The US aviation watchdog had warned airlines of a problem with cracks in Boeing 777s that could lead to a mid-air break up.
The revelation follows the disappearance of a Malaysia Airlines flight MH370 Boeing 777 aircraft.
The Federal Aviation Administration had reportedly issued airlines an urgent directive in September 2013, to detect and repair cracks in the fuselage skin on Boeing 777s.
The FAA warned that failure to conduct necessary repairs would leave the aircraft vulnerable to "a rapid decompression and loss of structural integrity."
A sudden drop in cabin pressure can cause, the crew and passengers to become unconscious.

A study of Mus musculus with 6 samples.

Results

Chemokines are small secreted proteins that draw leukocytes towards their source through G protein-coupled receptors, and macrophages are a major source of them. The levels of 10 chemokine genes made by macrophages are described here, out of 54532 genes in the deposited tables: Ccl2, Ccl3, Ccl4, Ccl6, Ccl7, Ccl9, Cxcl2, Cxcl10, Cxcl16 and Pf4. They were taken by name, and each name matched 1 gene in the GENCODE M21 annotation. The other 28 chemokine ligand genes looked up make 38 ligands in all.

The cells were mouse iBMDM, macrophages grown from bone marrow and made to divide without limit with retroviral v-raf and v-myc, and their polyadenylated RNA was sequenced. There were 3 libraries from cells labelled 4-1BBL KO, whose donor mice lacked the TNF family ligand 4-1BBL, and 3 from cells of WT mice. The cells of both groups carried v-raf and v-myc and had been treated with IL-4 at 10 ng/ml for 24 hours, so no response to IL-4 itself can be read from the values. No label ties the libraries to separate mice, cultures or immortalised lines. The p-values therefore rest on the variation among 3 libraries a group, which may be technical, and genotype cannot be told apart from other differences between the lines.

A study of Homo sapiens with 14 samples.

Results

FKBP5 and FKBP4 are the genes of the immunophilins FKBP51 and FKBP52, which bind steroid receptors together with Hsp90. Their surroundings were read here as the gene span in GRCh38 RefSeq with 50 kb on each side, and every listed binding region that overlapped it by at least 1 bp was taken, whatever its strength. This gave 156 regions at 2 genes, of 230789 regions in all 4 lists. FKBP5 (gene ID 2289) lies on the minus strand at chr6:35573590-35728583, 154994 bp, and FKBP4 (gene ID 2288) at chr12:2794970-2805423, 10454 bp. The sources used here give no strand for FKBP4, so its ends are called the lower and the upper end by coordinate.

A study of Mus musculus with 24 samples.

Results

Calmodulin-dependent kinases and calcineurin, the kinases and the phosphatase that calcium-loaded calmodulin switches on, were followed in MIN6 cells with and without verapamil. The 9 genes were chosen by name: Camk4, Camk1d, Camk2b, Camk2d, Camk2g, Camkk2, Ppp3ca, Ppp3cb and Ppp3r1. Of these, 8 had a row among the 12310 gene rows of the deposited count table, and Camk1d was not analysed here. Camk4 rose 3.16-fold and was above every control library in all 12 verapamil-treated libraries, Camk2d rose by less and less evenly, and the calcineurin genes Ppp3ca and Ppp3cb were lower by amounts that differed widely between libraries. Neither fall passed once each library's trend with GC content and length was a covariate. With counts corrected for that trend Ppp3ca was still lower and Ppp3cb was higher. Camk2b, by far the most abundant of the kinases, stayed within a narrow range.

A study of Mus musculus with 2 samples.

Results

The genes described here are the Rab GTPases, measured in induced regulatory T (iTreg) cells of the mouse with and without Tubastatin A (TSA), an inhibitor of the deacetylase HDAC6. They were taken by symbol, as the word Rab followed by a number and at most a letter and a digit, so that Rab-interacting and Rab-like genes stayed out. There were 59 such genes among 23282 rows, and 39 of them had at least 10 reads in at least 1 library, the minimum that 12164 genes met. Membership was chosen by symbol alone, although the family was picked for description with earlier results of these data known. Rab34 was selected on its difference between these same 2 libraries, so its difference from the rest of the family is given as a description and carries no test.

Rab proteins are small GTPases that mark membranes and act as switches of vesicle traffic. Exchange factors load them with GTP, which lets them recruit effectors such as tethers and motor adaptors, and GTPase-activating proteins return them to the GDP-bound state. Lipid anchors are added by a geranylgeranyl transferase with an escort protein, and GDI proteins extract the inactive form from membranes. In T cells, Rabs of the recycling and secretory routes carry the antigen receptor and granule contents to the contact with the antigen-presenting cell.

As a result of the alert, one airline had discovered a 16-in crack in the fuselage skin of a 14-year-old plane.
However, Boeing have said that the FAA alert did not apply to the missing jet because it did not have the same antenna as the rest of the Boeing 777s.
Malaysian Airlines have insisted that the missing Boeing was airworthy before taking off, but declined to reveal whether it had been inspected for any potential problem with the fuselage.
The Chinese Government last night released a satellite image of suspected debris from the vanished jet in the South China seas.
It has since been suggested that the plane went down in the Indian ocean and White House spokesman Jay Carney has confirmed that a new search area may be opened in the region.
Despite extensive investigations, authorities are no closer to explaining what happened to the plane or the 239 people and crew on board.